The documentary 3 ½ Minutes, Ten Bullets is important. The film opened in Los Angeles this summer, is headed for a national release sometime soon, and it has been reported that HBO will air it this fall. My recommendation is that you find out when and where you can watch this film.
Headed toward the theater, I was prepared to be moved, angry, and judgmental of the perpetrator of the crime at the center of the film. What I was not prepared for was the realization that a particular stereotype I’ve held of black people’s lives would be revealed.
Here is the gist of the crime from the movie’s website: “On Black Friday 2012, two cars parked next to each other at a Florida gas station. A white middle-aged male and a black teenager exchanged angry words over the volume of the music in the boy’s car. A gun entered the exchange, and one of them was left dead. Michael Dunn fired 10 bullets at a car full of unarmed teenagers and then fled. Three of those bullets hit 17-year-old Jordan Davis, who died at the scene. Arrested the next day, Dunn claimed he shot in self-defense.”
The documentary follows the court case and jury trial from front to finish and it’s just as compelling as any courtroom drama you’ll see on TV, except that this highlights a real-life tragedy. The struggle for justice is gripping, as anyone could imagine. Watching the white defendant claim his innocence and become increasingly entrenched within his own narrative was also rather affecting. I had wrongly assumed I would be able to identify the fears that may have prompted the perpetrator’s actions, and then see some arc of growth, some gain in his conscious awareness over the course of the film. Such was my projection.
There is plenty more that could be said about the perpetrator of this crime. But, my judgment of him is not the part that stuck with me the most. What was revealed as I watched this film is how little I have paid attention to how the violent nature of white supremacy reaches into the suburbs and how I have been conditioned only to see low income kids of color as navigating danger zones on a daily basis.
Sure, I know that people of color experience police violence and profiling disproportionately – whether low-income or affluent. I’m aware that kids of color are criminalized and at risk, propelled by implicit bias as well as overt racism. I also understand that microaggressions, the daily slights that injure, occur anywhere and anytime. So, I wasn’t surprised by any of items listed in the Buzzfeed post, 17 Struggles All Suburban Black Kids Know Too Well. This includes #15 about being more cautious than your friends about typical suburban mischief.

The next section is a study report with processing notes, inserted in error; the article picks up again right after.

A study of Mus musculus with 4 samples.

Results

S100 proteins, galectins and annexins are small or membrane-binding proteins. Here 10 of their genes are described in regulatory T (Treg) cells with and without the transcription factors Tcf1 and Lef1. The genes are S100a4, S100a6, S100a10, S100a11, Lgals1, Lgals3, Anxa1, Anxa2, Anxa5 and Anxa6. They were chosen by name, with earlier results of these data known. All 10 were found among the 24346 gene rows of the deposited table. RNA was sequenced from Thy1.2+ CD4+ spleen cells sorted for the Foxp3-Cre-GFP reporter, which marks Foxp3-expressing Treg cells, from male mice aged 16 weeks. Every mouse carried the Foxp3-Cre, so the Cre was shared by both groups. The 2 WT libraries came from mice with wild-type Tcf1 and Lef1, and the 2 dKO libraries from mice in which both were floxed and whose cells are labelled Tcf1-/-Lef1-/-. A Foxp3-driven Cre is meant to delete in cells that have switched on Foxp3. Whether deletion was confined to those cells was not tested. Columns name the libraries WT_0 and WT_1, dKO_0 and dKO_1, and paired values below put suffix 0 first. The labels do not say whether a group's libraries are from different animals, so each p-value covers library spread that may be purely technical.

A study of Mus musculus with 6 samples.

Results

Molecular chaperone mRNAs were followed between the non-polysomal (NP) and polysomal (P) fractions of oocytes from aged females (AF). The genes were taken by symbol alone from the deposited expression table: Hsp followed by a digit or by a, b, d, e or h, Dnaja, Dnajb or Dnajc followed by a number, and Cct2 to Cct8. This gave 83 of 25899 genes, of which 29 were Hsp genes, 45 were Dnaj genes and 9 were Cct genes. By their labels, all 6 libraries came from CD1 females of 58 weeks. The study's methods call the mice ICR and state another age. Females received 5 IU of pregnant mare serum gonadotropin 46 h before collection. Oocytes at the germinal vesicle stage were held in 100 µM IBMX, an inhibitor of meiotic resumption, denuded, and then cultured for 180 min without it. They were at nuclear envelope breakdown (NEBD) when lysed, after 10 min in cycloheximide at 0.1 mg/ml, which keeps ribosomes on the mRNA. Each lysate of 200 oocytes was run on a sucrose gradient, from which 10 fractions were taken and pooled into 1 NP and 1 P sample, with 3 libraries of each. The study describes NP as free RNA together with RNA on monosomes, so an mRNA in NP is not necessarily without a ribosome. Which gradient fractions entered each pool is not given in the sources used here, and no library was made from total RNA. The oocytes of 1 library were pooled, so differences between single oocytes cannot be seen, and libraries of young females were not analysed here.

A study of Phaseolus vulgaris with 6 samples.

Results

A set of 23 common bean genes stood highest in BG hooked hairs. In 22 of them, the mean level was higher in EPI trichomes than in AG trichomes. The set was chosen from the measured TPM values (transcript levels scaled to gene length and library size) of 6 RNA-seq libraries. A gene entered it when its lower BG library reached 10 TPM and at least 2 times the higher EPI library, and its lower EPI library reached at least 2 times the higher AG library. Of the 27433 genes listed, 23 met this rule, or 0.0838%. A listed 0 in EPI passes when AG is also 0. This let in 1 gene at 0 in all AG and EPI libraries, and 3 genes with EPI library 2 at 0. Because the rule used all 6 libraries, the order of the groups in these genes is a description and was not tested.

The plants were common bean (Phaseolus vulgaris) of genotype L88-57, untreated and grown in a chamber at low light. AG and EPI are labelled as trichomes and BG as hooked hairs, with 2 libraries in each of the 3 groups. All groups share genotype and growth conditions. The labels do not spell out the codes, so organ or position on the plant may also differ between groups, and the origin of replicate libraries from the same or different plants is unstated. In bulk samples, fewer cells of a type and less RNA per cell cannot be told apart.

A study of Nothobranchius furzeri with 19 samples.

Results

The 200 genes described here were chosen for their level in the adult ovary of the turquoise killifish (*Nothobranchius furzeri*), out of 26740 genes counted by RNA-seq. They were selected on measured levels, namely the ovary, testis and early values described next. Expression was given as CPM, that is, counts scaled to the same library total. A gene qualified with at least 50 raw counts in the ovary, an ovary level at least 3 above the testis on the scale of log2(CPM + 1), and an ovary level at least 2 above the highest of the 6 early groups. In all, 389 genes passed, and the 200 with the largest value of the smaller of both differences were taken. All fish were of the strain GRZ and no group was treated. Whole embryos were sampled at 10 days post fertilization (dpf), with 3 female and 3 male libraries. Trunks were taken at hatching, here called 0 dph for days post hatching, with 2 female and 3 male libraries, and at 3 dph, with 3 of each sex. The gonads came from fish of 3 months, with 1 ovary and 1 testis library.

But, what I realized while watching the film is that from the point that I heard about the original news story many months prior, through the reading of reviews of the film, all the way into the film itself, I assumed the Black kids in the car were from a central city, urban environment. Something in me just didn’t allow for the idea that a handful of Black kids in an SUV who live and go to school in the suburbs would experience this level of threat. Instead, I have been conditioned to see Black kids in suburbs as dealing with annoying microaggressions or suspicion, but ultimately being safe from life or death racial violence.
A film review by Kirsten West Savali, published in The Root, describes the moment in the film that revealed my narrow thinking, as the author writes, that this film “exposes the quagmire of white supremacy that traps African Americans in its grip. During the film, Davis [the victim’s father] openly wrestles with that confusion and cynicism in the face of the respectability politics that failed him. “With tears streaming, unchecked, down his face, he cries, “It wasn’t like he was in a bad neighborhood. He’s five minutes from home; it wasn’t late at night … he was with his good friends, all good boys … and I couldn’t protect him.”
And it’s this last part that showed me my bias. I utterly fail to consider that suburban Black kids, acting like typical teenagers, with music loud and a lack of concern for bending to the will of older strangers, face a kind of violent reaction that would not be leveled against white kids doing the same thing.
Why is that narrow view dangerous?
If I fail to appreciate the danger faced by middle-class Black kids who live, work, or go to school in suburban environments, I’m more like to…
- Take their rage about police and community racism as overblown in relation to what low-income youth face.
- Believe that if they just work hard in school and do the “right thing” that the violence of racism won’t touch them.
- Be more complacent about addressing racism within middle-class or affluent neighborhoods, believing it’s about hurt feelings more than an existential threat.
Additionally, this is likely to become even more of an issue. A recent report by the Brookings Institute indicates that, “Among the largest 100 metropolitan areas, 96 showed gains in their suburban black populations. Of these, 76 had larger increases in the past decade than in the 1990s. Leading black movement to the suburbs are the young, those with higher education, and married couples with children—attributes that characterized white suburbanization for almost a century. While delayed for decades, a full scale suburbanization of blacks is finally underway.”
Final thought: #blacklivesmatter is right. And, it’s important to name that all Black lives are at risk, regardless of economics, housing location, or schooling. A move to the suburbs is no guarantee of safety, and the white community has a responsibility to ensure that we live in communities that are safe for all people.